Google’s Software Re-coded for Crypto Scams
Hackers’ “Godmode” Spies on Victims
Google’s Panchan open source software has been maliciously coded by Japanese hackers for crypto mining scams. The dark web hackers have created a fileless worm dubbed ‘Panchan botnet’ to terrorize Linux devices running SSH servers.
The recently discovered P2P botnet‘s apparent goal is to illegally mine cryptocurrency on the servers of telecommunications and healthcare companies computers. Cryptocurrencies’ value such as Bitcoin and Ethereum have surprisingly surpassed the mighty US dollar, and have given an exponential rise in malicious cryptocurrency scams. Now, criminal hackers are using crypto mining botnets to constantly carry out hacking assaults on online computer networks.
In mere moments, victims are attacked without having the slightest idea until it’s far too late. This is aided by Panchan’s highly versatile programming language called the Go programming language, or “Golang”. Google engineers create the open source software to support various modern computer systems infrastructure.
Analysts have documented that communication between the botnet and the C2 isn’t encrypted, instead, a TCP port 1919 is used for communication. Thus, the malware’s malicious configuration is used by the hackers for crypto mining, and to reproduce itself on infected hosts. The malware also includes a “godmode” private key feature, which is only accessible by dark web hackers.
The Akamai cyber security team has since modified the program, removing the threat actors’”godmode” feature. However, it was through this security measure that the research analysts discovered the reconfigured admin panel that includes peer stats, miner settings, host status, and update options for the criminal hackers.
Scam Cryptomining Undetectable
In addition, the Akamai analysts reported that Panchan mining pools and wallets use NiceHash, which makes it impossible to trace transactions or provide any estimate of windfall profit from the illegal mining operations. This helps the hackers cunningly avoid recording to the universal cryptocurrency blockchain. However, it was also documented that the malicious botnet utilizes miner binaries, xmrig, and nbhash, which are fileless entities. These are decoded from their base64 form, and executed during memory runtime by avoiding contact with the computer disk.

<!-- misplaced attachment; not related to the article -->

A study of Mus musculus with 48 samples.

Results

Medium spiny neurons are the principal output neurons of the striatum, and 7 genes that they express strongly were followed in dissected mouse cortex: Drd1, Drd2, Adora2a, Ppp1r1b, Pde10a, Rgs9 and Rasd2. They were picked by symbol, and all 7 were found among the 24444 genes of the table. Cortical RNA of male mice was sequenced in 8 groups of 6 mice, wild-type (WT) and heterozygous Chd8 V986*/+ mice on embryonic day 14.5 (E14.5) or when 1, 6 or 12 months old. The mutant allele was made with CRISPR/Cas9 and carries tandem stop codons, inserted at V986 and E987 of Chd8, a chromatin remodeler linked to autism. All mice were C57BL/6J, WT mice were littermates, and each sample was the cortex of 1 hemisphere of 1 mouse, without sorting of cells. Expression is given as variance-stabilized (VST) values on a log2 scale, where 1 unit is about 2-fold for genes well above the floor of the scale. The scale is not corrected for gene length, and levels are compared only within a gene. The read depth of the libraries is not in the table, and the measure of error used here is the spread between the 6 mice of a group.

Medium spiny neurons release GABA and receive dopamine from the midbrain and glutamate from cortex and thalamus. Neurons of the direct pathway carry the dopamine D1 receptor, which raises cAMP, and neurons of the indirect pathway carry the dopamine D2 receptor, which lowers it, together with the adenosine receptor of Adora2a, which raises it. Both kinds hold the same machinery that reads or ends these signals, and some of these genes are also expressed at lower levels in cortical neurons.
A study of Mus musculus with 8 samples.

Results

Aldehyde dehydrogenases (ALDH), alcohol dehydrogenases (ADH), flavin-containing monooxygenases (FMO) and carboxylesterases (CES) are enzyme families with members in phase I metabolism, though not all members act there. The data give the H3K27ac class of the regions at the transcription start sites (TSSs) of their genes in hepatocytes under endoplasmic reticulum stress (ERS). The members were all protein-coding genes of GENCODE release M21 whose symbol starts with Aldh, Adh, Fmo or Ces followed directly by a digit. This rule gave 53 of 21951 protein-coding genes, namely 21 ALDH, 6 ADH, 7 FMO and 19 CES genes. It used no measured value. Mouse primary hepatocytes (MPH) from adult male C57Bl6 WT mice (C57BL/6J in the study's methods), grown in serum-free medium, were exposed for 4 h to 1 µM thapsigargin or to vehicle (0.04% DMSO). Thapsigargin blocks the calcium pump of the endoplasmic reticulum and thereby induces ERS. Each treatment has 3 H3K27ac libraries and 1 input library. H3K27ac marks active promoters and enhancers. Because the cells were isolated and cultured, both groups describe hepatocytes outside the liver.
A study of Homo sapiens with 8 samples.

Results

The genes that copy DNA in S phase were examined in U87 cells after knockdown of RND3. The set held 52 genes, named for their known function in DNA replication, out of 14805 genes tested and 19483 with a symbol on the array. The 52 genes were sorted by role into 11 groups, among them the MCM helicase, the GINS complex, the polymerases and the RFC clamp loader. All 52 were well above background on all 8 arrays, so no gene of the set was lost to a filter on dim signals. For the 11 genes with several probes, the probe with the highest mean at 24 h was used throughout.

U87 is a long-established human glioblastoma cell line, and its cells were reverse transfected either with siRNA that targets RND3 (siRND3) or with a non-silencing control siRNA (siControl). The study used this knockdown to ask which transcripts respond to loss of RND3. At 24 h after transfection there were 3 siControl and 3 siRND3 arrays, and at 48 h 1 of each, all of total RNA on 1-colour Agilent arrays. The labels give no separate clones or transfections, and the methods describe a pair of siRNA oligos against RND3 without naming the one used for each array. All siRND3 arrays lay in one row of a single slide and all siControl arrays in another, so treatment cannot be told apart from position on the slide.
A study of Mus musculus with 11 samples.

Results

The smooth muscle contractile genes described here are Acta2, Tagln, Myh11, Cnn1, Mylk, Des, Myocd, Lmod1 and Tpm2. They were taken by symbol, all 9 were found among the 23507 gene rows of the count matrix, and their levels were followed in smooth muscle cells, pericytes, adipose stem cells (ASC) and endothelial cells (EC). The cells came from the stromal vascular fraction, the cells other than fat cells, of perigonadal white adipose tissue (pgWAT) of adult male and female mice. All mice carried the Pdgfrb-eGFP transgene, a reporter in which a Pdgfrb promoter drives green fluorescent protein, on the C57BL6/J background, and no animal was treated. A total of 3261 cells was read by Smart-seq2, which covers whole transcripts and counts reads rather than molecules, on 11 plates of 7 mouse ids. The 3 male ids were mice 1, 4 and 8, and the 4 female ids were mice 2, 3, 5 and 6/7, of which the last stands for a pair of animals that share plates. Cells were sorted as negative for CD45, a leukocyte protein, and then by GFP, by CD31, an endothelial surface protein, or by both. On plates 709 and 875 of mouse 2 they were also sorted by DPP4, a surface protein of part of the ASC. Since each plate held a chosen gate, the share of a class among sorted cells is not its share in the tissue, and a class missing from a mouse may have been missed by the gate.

Akamai’s researchers revealed that the malware features an anti-kill system, which detects and ignores process terminations unless they are SIGKILL an old disabled command. So far, the analysts reported that they have identified over 200 computer systems compromised by Panchan’s malicious worm. But only 40 of the infiltrated Linux network systems are currently still in operation.
It’s reported that the healthcare, education, and telecommunication industry makes up the majority of the hackers’ victims. With a high concentration of clienteles, it fits the threat actors’ criteria to quickly replicate the Panchan botnet to effortlessly facilitate its rapid growth. Additionally, poor password selection, as well as excessive SSH key sharing for global academic research collaborations creates the ideal conditions for the botnet to reproduce at an alarming pace.
To prevent these types of attacks from spreading, according to Akamai, potential targets are recommended to use complex passwords, add MFA to all accounts and limit SSH access, as well as monitor all VM resource activity as much as possible.